In this edition:
OCC echoes GNCC affordable childcare call
Welland short-term rental licensing takes effect Monday
Indicators suggest COVID infections have peaked
Canadian wireless plan costs down 25%
World inflation to remain high this year
Ontario Chamber of Commerce echoes GNCC call for affordable childcare
Rocco Rossi, President & CEO of the Ontario Chamber of Commerce (OCC), today stated that “if we want a robust and inclusive economic recovery, we need governments to create the right conditions to support a productive labour force. This includes childcare and we hope to see a deal finalized soon between the Governments of Ontario and Canada.”
The GNCC has previously advocated for more affordable childcare, including in the recent Women in Niagara Council (WIN) Hackathon Report. With childcare often exceeding $1,000 per month per child in Niagara, many parents simply cannot afford to return to work, exacerbating our labour shortage. Affordable childcare will not only reduce the cost of living for families, but bring more people into the workforce, easing the strain on the economy.
Welland short-term rental licensing will take effect January 31
As previously announced, beginning January 31, the City of Welland’s licencing program for short-term rentals comes into effect. Licensing ensures all short-term rentals within the City of Welland are operating under applicable law.
A short-term rental is a dwelling unit rented for 28 consecutive days or less but does not include a bed and breakfast, hotel/motel, or boarding or lodging house. Zoning permits short-term rental accommodations as a secondary use in residential, agricultural, and institutional zones where residential uses are allowed and as the principal use of dwellings in commercial zones that allow for residential uses.
Dr. Tam: indicators suggest infections have peaked
Dr. Theresa Tam, Chief Public Health Officer of Canada, remarked that although daily reported cases remain at record high levels, multiple indicators suggest infections have peaked at the national level, including daily case counts, test positivity, Rt (or effective reproduction number), and wastewater surveillance trends.
The ongoing high volume of cases is placing a heavy strain on the healthcare system, both because of increased hospital admissions as well as high numbers of illness and need for isolation among health care workers.
Immunization for all those who are eligible, but are yet to receive their primary series, remains a top priority. All told, over 6.3 million eligible Canadians need one or more doses to complete their primary series and many others are eligible to get a booster dose to help improve protection that may have decreased since their second dose.
NACI now strongly recommends that children aged 5 to 11 years receive a complete two-dose primary series of the Pfizer 10 mcg pediatric mRNA COVID-19 vaccine. For adolescents aged 12 to 17 years, NACI continues to strongly recommend a complete primary series of authorised mRNA COVID-19 vaccines.
Canadian wireless plan costs down 25%
The Government of Canada introduced aggressive measures to reduce the cost of wireless services, including a commitment made in March 2020 to track and reduce the costs of mid-range wireless plans by 25% over two years.
Today, the Honourable François-Philippe Champagne, Minister of Innovation, Science and Industry, announced that the government has met its target three months ahead of schedule. Prices for all tracked mid-range plans have decreased by 25% compared to the benchmark prices collected in early 2020, according to the newly published data for the latest quarter of wireless pricing, which cover the period from October to December 2021.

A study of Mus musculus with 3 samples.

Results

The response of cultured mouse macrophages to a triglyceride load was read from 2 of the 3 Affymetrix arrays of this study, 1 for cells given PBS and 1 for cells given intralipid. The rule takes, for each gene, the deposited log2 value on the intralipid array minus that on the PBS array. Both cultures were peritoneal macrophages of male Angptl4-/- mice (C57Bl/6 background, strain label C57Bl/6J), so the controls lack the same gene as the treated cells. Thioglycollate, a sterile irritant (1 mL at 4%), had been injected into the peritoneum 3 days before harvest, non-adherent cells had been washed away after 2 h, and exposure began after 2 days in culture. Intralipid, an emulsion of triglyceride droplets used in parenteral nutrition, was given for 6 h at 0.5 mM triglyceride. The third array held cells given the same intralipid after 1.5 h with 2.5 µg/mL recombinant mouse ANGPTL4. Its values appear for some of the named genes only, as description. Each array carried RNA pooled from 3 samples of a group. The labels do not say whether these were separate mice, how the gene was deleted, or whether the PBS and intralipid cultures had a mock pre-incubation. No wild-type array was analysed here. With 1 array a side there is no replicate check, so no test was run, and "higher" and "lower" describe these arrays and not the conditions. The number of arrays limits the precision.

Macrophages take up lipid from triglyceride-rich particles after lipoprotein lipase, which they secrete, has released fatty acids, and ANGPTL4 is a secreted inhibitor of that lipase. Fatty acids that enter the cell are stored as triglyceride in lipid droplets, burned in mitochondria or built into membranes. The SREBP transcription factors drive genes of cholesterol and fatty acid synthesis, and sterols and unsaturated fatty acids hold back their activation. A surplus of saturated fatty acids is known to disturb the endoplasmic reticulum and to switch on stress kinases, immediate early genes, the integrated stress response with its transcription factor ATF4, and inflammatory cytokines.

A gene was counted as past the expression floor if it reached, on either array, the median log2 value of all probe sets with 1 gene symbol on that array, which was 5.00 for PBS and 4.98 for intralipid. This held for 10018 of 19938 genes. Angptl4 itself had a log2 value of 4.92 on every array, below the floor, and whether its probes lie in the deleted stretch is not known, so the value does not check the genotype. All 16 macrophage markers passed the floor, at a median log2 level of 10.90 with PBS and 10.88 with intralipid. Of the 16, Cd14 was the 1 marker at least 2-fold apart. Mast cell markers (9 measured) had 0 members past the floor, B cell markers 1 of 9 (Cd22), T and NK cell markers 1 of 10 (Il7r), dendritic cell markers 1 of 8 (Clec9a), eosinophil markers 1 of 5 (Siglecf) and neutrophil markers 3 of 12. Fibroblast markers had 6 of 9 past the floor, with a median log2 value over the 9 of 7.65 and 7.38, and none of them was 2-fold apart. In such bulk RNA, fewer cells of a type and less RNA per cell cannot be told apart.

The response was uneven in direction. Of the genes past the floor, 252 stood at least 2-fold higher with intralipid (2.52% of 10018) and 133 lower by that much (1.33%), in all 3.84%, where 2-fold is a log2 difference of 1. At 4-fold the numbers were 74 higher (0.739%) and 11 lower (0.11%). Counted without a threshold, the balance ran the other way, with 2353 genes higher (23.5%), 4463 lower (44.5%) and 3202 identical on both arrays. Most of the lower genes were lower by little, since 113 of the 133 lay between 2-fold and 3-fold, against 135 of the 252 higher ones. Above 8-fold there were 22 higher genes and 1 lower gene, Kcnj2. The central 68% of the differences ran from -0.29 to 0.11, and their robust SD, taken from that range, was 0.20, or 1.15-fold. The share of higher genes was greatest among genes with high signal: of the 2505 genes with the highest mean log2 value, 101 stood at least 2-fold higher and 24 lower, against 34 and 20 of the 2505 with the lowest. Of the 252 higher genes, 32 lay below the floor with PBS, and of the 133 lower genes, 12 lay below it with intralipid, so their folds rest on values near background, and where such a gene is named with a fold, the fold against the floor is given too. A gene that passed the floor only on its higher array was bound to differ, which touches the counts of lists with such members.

Reuters economist poll: world inflation to remain high this year
Persistently high inflation will haunt the world economy this year, according to a Reuters poll of economists who trimmed their global growth outlook on worries of slowing demand and the risk interest rates would rise faster than assumed so far.
This represents a sea change from just three months ago, when most economists were siding with central bankers in their then-prevalent view that a surge in inflation, driven in part by pandemic-related supply bottlenecks, would be transitory.
Canada recorded a much smaller budget deficit in the first eight months of fiscal 2021/22 compared to the same period a year ago, as the costs of the COVID-19 crisis continued to recede, the finance ministry said on Friday.
The April to November shortfall was C$73.70 billion ($57.75 billion) compared with a C$232.02 billion deficit over the same eight months in 2020/21, the data showed.
“As expected, the government’s 2021–22 financial results show a marked improvement compared to the peak of the COVID-19 crisis,” the finance ministry said. “That said, they continue to reflect challenging economic conditions.”
While some Ottawa businesses are wondering whether to shut their doors this weekend as a convoy of truckers makes its way to Parliament Hill, others are rolling out the welcome mat.
The convoy includes truck drivers from across the country and others broadly opposed to public health mandates.
One dynamic is the sheer number of vehicles converging on the city of a million people from three directions may make it very hard to get around this weekend, particularly to, from and through downtown.
Ottawa police are urging people to avoid unnecessary travel downtown this weekend and the city has already started closing some lanes of traffic, saying it expects disruptions will last until Sunday. Provincial police have asked people to avoid using major highways.
The expected traffic problems led Ottawa Public Health to close a COVID-19 vaccine clinic near downtown.